DANVILLE — Almost 19 percent of the community’s residents don’t have their own vehicle and transportation.

Danville City Council Public Works Commitee Chairman Mike Puhr said that shows how important mass transit is in this community.

The committee met Tuesday night and recommended approving the annual filing of applications with the Federal Transit Administration for federal funding for Danville Mass Transit.

DMT Director Lisa Beith said bus ridership has gone up since July, with DMT crawling out of the COVID-19 hole.

Ridership in July 2022 was 31,900, and in February was 33,228, a 34.1 percent increase from February 2022.

DMT is working with a consultant about how to restructure bus routes to serve the most people with funding being decreased due to the city’s population loss. The population decline means less funding for DMT as it transitions from a small urban transit property to a rural provider. DMT is applying for a grant to fund a consultant to help with bus route alterations that will efficiently provide service in the most needed areas, Beith said.

The full city council will act on the DMT applications filing next week.

Also Tuesday, the committee recommended approving a $1.23 million contract with Cross Construction Inc. for the Ferndale Avenue pavement stabilization and resurfacing project. The project, along Ferndale from Liberty Lane to Poland Road, will be completed this year.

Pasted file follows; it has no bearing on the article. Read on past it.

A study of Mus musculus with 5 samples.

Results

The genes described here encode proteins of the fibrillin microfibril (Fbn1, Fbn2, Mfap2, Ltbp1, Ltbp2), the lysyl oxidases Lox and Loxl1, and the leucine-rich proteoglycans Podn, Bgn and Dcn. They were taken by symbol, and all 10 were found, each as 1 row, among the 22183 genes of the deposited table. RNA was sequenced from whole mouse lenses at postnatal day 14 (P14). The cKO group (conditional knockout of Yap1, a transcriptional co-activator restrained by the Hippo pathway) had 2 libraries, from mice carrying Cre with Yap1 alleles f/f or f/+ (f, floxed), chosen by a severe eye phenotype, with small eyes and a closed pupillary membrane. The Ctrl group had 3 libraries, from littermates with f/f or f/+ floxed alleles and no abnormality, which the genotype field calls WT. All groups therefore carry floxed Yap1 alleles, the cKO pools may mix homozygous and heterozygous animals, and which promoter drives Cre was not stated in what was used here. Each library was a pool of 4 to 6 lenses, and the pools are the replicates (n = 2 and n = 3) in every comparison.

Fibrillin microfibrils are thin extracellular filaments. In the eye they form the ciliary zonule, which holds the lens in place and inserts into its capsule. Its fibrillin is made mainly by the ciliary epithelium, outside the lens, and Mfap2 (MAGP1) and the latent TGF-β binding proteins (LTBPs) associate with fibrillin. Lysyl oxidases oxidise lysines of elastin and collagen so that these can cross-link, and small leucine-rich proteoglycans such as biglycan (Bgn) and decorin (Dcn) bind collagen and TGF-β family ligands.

“This has been years in the making...,” Mayor Rickey Williams Jr. said about the road being “terrible” and causing problems.

The city received other bids for the project from Open Road Paving Co. for $1.54 million and SNC Construction Inc. for $1.95 million.

City Engineer Sam Cole said the project was once estimated at around $750,000 years ago.

“That’s the going rate,” Cole said.

In other business, the committee recommended approving:

  • An amendment to the professional services agreement with Good Energy LP to serve as consultant for the electrical aggregation program. City Comptroller Ashlyn Massey said as times have changed Good Energy has asked for its service fee to be increased by a quarter of a penny per kilowatt. The fee is built into the process bid by electric wholesale providers. The fee will be amended to $.001 per kilowatt-hour. The city has worked with Good Energy since 2013 with it serving as a broker in the electrical aggregation program to get better electricity rates for residents. The city plans to go to bid day for rates on April 22 to see what rates are instead of waiting until the agreement expires in December 2023. Massey said the city is considering getting locked in now, instead of waiting until later in the year, because the market is in a good spot right now.
  • Accepting the donation of property at 925 E. Main St., an empty lot where another donut shop was near Beard and Main streets, from Danville Donuts Inc., the former Royal Donut owners the Hambleys. Cole said this is in line with the city acquiring land along major corridors, so the land doesn’t end up causing more blight and could end up in something useful.
  • Purchasing 921 Robinson St. for $10,000 from Rose Marie Phelps of Danville. Cole said the city is down to two properties to acquire for the Kircher redevelopment project. Demolitions could start this summer.
  • A $22,775 contract with Lipa of Indiana (Country Carpentry) for a Community Development Block Grant housing rehabilitation project at 1208 Gilbert St. A roof with leaks will be replaced, in addition to sheathing replacement and installation of roof vents.